Skip navigation
Sign up to follow your favorites on all your devices.
Sign up
NBCSports Header Logo

Thierry Henry: a man in no mood to speak following Sunday’s setback

Thierry Henry

New York Red Bulls forward Thierry Henry and FC Dallas players, rear, walk off the field following their MLS soccer match, Sunday, March 11, 2012, in Frisco, Texas. FC Dallas won 2-1. (AP Photo/Tony Gutierrez)


I can’t quite figure out what to think about Thierry Henry’s performance Sunday afternoon in Dallas.

Not the performance on the field, where he had a quiet afternoon but did nicely arrange the Red Bulls only strike in a 2-1 loss FC Dallas. That one we’ll just mark under “Not good, not bad, nothing special.”

No, I’m speaking of his little performance, curt and obtuse, around a couple of reporters in the Red Bulls locker room. (We know for sure it’s a locker room because of PG-13, sexy time shot of Dax McCarty in a towel in background, over Henry’s right shoulder.)

Henry was clearly in no mood to answer questions. On the one hand, I get it. His team had just dropped the opener. He’s a competitive guy. He’s stompin’ mad and he wants to go cool his French heels, maybe enjoy an aperitif and forget about this one.

On the other hand, lots of guys in this league can stand in front of a camera or microphone and answer reasonable questions, win or lose. Damn near everyone, in fact. In general, Major League Soccer is stacked full of folks who understand that professional players and coaches remain soccer’s salesmen and ambassadors. They have some responsibility to “sell” the game, to help it grow and continue to flourish, and part of that is dealing amicably with media. In Major League Soccer, that’s just part of the gig, and few people seem to have a problem with it.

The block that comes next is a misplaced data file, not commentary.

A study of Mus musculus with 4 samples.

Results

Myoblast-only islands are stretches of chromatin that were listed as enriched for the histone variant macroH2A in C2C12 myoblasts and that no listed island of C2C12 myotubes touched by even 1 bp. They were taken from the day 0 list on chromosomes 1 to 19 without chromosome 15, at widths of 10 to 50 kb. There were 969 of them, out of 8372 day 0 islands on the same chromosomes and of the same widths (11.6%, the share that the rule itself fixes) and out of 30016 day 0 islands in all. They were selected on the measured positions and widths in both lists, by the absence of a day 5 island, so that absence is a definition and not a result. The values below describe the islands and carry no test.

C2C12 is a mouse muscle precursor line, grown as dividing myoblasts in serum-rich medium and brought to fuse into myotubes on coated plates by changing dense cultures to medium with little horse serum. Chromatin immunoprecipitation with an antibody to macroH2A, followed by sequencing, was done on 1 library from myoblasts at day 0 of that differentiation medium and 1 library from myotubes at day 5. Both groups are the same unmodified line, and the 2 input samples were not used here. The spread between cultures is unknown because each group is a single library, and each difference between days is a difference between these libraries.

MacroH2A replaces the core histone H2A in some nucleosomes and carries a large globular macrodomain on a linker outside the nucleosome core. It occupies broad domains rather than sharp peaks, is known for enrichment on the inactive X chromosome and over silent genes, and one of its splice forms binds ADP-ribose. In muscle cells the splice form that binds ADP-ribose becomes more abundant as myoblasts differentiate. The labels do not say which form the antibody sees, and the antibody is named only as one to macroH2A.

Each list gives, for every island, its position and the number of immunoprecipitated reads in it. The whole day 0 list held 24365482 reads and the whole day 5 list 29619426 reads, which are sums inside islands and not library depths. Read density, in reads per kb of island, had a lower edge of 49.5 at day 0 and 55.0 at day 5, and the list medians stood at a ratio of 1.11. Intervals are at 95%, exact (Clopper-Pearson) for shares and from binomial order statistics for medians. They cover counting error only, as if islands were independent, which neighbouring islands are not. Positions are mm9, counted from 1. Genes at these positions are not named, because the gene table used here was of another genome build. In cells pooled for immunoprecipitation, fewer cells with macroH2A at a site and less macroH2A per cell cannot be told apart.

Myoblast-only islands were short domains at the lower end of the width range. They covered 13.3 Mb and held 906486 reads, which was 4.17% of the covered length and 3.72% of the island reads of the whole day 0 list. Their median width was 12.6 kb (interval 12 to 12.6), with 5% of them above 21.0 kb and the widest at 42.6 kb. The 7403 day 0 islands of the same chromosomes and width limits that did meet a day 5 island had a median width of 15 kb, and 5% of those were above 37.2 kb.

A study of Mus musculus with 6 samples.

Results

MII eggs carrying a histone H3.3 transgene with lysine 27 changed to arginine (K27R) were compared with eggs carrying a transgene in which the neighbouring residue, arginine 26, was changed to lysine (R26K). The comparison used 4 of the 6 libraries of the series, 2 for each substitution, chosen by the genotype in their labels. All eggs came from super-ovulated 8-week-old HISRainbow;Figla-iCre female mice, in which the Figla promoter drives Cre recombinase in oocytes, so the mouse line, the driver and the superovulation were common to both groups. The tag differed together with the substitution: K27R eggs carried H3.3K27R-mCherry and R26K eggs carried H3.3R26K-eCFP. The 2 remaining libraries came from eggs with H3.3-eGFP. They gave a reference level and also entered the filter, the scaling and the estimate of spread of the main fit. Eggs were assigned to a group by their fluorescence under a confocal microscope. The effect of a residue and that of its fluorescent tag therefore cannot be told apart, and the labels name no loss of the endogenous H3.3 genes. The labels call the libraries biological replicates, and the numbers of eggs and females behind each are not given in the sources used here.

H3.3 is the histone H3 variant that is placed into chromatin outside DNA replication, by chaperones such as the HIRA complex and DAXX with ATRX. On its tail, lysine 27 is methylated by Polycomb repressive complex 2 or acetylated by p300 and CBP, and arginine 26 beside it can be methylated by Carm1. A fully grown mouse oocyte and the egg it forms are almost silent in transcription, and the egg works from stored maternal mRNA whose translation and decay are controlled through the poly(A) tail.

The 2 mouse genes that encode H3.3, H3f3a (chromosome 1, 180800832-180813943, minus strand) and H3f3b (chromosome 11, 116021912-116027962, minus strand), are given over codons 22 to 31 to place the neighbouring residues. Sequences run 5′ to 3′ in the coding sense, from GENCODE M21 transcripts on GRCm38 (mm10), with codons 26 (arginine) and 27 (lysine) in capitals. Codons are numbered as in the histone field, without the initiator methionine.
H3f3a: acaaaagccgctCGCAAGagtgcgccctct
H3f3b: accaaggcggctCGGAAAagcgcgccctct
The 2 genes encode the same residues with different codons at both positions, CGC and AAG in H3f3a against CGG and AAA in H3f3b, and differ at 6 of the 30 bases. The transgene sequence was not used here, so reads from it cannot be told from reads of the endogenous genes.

Heck, just in the Red Bulls locker room I talked to three or four other players and to manager Hans Backe. I am positive that none of them were happy to fall at FC Dallas Stadium, but they managed to be courteous, say hello, discuss the loss cooperatively and try to provide some actual, considered responses to questions.

It’s not that difficult. So, as I said, mixed feelings on this one.

Either way, kudos to’s Simon Borg, who wasn’t about to let Henry off easy. Borg pressed and press, trying to get Henry to engage just a little bit more, to help understand what the Red Bulls might do better next time, etc. In other words, Borg did his job.

I’m not certain Henry did his in this case.